Let me set the scene for you: Vivienne is acting up—she's overtired and throwing all kinds of toddler attitude my way. When she hurls one of the babies' toys across the room, I promptly deposit her in the time-out corner. After a minute or two of hysterical sobbing, she calms down. My protocol with time-out: I let her sit there for about three minutes (one excruciating minute for each year of her life) before I retrieve her, explain to her what she's done wrong, and solicit an apology. I also make a point to disappear from sight while she waits it out. So this time, I'm in the kitchen waiting out my three minutes when she calls to me:
"Mommy? Please don't shut me out again, mommy. Please don't slam the door. You don't have to keep your distance anymore, mommy."
That's right. My 3-year-old is quoting Frozen movie lines to me from her time-out corner. I flee the area so I can stifle my laughter in private and narrowly avoid reversing the whole effect of her punishment.
"Mommy? For the first time in forever, I finally understand !" she adds dramatically.
More Frozen movie lines. I try to control it but a choked giggle slips out. I need to end this time-out stat or I'll blow the whole thing and she'll think it's okay and adorable to throw things, or worse—that acting like Anna from Frozen will get her out of any jam.
Understand this: Elsa, the queen from Frozen, has zapped our household and covered it with rays of her icy powers. I wake up to Frozen. I go to sleep to Frozen. Frozen in the car, on the iPad, in iTunes, and in our bedtime books. It's everywhere. We endlessly name characters, analyze who is mean or nice, ask why Olaf keeps falling apart, and question why Elsa won't answer Anna's persistent knocking on the door. Vivi even carries around a book titled "The Essential Guide to Frozen."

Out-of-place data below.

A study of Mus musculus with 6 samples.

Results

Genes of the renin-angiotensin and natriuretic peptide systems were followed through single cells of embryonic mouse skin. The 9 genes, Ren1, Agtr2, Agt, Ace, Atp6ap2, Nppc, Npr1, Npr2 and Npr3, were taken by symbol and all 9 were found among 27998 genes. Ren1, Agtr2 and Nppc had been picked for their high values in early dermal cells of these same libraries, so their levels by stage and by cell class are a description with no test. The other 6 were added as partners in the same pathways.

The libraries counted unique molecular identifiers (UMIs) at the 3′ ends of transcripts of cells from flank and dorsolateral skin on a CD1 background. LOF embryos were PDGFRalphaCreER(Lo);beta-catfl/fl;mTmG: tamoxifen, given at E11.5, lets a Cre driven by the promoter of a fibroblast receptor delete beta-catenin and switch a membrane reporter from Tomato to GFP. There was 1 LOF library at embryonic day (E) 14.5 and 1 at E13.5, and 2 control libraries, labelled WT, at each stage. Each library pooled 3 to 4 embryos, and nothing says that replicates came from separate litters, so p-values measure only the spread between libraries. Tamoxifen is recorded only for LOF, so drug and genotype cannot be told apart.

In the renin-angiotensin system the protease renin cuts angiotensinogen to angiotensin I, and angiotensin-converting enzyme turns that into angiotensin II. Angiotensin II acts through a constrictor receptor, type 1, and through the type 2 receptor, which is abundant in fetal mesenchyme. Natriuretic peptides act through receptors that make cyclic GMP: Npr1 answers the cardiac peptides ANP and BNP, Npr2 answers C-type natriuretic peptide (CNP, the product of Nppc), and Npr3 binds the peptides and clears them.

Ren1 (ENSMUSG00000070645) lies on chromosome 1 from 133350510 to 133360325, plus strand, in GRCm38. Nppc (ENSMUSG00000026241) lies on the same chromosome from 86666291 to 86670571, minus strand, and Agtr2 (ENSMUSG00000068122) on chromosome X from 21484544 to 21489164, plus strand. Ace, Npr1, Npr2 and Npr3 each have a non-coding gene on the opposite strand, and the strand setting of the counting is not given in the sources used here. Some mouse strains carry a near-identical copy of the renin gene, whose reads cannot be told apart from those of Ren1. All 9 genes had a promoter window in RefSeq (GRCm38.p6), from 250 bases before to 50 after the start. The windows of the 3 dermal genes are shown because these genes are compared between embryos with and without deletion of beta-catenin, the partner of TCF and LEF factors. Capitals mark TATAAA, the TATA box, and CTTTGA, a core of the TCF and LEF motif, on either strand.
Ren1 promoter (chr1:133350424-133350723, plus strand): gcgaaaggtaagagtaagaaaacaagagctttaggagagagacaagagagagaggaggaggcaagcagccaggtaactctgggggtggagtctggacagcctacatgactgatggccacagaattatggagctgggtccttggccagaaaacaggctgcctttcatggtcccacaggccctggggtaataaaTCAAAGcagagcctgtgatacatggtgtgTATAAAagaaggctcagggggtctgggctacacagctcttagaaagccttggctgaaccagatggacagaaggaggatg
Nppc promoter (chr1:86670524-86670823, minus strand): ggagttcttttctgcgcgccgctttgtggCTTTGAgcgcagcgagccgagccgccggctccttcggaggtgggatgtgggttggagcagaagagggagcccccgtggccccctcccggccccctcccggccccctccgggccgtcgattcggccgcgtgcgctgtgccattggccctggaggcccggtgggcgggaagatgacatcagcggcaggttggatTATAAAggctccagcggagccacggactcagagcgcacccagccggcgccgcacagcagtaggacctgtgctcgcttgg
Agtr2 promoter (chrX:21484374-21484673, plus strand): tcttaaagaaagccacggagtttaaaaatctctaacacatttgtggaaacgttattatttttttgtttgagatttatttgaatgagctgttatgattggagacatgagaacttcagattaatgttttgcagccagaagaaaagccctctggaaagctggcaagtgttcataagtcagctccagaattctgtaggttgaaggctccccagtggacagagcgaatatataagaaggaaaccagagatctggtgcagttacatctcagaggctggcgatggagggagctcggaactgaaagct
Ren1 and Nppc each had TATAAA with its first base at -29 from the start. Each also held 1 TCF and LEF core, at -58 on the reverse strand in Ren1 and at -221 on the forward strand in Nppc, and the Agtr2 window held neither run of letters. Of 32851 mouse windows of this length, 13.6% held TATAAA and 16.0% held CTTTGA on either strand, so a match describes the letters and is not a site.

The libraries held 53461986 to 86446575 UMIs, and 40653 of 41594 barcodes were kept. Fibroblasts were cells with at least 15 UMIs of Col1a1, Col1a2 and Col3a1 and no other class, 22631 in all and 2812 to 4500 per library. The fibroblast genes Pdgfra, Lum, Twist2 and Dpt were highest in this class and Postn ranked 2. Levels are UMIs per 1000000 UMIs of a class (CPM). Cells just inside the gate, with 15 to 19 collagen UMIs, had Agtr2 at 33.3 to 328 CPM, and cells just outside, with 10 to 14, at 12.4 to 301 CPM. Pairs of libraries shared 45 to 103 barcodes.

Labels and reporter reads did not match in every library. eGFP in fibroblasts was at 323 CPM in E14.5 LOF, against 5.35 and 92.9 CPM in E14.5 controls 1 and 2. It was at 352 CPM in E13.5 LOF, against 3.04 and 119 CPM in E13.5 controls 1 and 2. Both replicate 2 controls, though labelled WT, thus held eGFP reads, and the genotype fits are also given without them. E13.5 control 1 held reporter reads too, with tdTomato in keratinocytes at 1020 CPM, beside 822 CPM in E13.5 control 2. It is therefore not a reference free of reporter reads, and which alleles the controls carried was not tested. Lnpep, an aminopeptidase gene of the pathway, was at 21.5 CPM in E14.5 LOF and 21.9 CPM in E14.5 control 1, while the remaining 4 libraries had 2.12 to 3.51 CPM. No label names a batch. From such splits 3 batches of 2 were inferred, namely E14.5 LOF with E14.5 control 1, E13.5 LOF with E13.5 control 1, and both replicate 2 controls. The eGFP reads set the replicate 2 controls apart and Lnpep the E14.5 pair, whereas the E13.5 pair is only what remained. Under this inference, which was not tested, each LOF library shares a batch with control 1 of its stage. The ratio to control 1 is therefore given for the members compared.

A little history: several weeks ago, Vivienne and I entered a dark movie theatre for her first movie ever: Frozen, of course. I was nervous and wondering if she'd have the attention span to sit there in the same spot for over an hour and a half. I purposely arrived late so we could skip the previews and cartoons, and just as we entered the dark theatre, the movie blasted our senses with its startlingly loud audio and stunning visuals. She gripped my hand as we made our way to our seats and rejected my whispered suggestion that she sit in her very own big girl seat. Instead, she insisted on sitting in my lap—the whole time. Frozen was so enchanting and entertaining that I barely even noticed my legs going numb. As for Vivi, she was so enthralled she hardly made a peep throughout the entire movie. It was heavenly. Together, we escaped into this world where I was sure the boy would save the girl, and instead, sisterly love conquered all and the girl decked the bad guy in the end. Brilliant. We sat and watched this charming, heartbreaking, witty musical film and bonded over its magic. When it ended, Vivi refused to leave until all of the credits rolled—and only then she said, "Okay, we can go now Mommy."
Fast forward to the present, and I've heard each Frozen song approximately 3,571 times. We can recite each line, sing every melody and describe every minute detail of all of Anna and Elsa's dresses. Throughout the day, random snippets of Frozen songs play over and over in my head. I need a Frozen lobotomy. I need the magic Frozen trolls to pay me a visit and erase my memories, just as they did for Anna. And yet...truth be told, I'm the one who whips out the soundtrack in the car. I randomly burst into song, urging Vivi to join in with me.
I may be on Frozen overload but I never tire of staring into Vivi's beaming face as we belt out the songs in unison... again, and again, and again.